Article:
How is Firefly going?

I’ve been reading up on Firefly and it looks very impressive. Does this mean faster CPU bound Elixir? i.e. ballpark java speeds? Or at least tighter interop with Rust would be fantastic with what they mentioned in NIF section.

I also found Hologram which I think leverages Firefly to put Elixir client side and it made me drool a little.

Stuff like this makes me very excited about the beam garden.


Hey, the creator of Hologram here. Hologram is not using Firefly under the hood - it transpiles BEAM definitions directly to JavaScript, and it has a different scope than FireFly in general, think ElixirScript + LiveView + Surface. Btw expect playable version soon! :slight_smile:


I suppose none of the VM features are available, it is basically just limited elixir syntax?

You can say so, it won’t support the stuff related to processes, at least in the initial versions. However I plan to experiment with Web Workers API later to see what can be done in this regard.


If it will have some dead-code elimination and code-splitting methods, then why not? I’d like to avoid having to ship a few MB runtime bundle to the browser on the initial page load. With the current architecture, Hologram is able to run a basic page with a few kB runtime bundle and a few kB page-related bundle.


Yeah, I think it would be helpful, but for more complex cases than reactive UI. Maybe something like client-side file processing to relieve the server resources? In case processes are needed, the Hologram commands can be used that handle asynchronous server code (where you basically run on BEAM) and they have very low latency since they go through websockets similarly to LiveView events. Btw do you have ideas on how BEAM capabilities can be used on the client side, besides file processing that I mentioned?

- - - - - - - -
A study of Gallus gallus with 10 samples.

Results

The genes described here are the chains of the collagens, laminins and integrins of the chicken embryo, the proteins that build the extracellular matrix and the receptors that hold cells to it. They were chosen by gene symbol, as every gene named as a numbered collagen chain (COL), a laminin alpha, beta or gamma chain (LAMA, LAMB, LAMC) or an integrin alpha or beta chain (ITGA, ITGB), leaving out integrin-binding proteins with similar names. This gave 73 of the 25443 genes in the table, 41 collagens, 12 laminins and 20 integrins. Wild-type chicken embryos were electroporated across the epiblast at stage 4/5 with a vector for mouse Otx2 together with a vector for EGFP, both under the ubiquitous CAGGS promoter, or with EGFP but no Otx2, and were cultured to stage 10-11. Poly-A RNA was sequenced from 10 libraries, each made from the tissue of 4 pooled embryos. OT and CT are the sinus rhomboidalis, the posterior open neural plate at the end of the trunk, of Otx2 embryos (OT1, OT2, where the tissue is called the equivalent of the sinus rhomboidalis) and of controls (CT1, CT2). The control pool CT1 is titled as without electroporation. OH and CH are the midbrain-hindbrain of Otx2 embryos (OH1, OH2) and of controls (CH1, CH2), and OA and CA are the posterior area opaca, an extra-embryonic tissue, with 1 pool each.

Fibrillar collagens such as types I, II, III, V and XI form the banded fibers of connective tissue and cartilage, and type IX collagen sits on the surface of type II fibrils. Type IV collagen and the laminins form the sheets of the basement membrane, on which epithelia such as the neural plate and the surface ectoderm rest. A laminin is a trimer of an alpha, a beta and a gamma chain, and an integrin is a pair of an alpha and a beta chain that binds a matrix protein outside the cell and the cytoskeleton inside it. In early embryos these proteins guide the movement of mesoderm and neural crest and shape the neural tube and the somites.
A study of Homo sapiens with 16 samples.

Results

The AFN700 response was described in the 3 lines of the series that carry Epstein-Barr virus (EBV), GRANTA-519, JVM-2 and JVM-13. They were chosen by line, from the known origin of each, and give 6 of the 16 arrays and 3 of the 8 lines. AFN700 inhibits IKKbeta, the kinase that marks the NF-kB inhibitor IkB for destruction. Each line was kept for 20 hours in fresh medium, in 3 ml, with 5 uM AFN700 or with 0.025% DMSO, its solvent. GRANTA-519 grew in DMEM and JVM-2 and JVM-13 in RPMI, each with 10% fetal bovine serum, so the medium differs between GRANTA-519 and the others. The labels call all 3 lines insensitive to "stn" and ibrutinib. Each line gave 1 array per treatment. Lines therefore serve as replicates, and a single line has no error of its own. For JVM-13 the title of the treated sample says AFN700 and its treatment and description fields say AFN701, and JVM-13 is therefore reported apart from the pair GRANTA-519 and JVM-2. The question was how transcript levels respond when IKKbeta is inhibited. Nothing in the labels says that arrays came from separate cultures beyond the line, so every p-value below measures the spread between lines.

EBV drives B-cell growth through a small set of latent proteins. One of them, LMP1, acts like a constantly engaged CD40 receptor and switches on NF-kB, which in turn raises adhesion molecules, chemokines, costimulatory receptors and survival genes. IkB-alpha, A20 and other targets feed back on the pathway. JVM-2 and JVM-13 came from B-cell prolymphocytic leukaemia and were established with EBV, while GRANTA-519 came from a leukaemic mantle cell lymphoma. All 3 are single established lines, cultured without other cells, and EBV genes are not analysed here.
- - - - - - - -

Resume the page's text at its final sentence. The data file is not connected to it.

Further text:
I think the potential is unlimited, you basically have the full-blown elixir/erlang capabilities at your disposal. You can write the part that is responsible for interaction with dom (from what I remember webassembly standard doesn’t include this) and write entire frontend applications in elixir, not having to go back to JS ever again.

Liveview is great, the biggest selling point is that you don’t have to write JS, however it has limitations for more involved applications, and currently people end up using a frameworks like react to solve this limitation, which is not something I enjoy doing.

For more possible features, think of applications as the native ones we use, the only difference is that it lives in browser.


I completely agree about the benefits of using Elixir on the client. That’s precisely what Hologram aims to achieve, with state management on the client and full Elixir syntax coverage. My point is that I’m currently exploring use cases for Elixir’s concurrency in the context of UI on the client. Given that the DOM operates on a separate single thread and WebAssembly cannot directly access it, there may be limited advantages, aside from potentially enabling background file processing. However, I acknowledge that I could be mistaken in this regard, and I’m seeking other potential use cases and opinions.

Disregard. I got Lunatic ( ) confused with Lumen, which was rebranded as Firefly. Carry on. :slight_smile:

Last I heard Firefly was on hold for the WASM spec to mature. I’m sure someone closer to the project can provide more detail, but it ain’t cheap to pay for the kind of expertise Firefly needs, and if the spec still needs to make progress the opportunity cost might not make sense at the moment.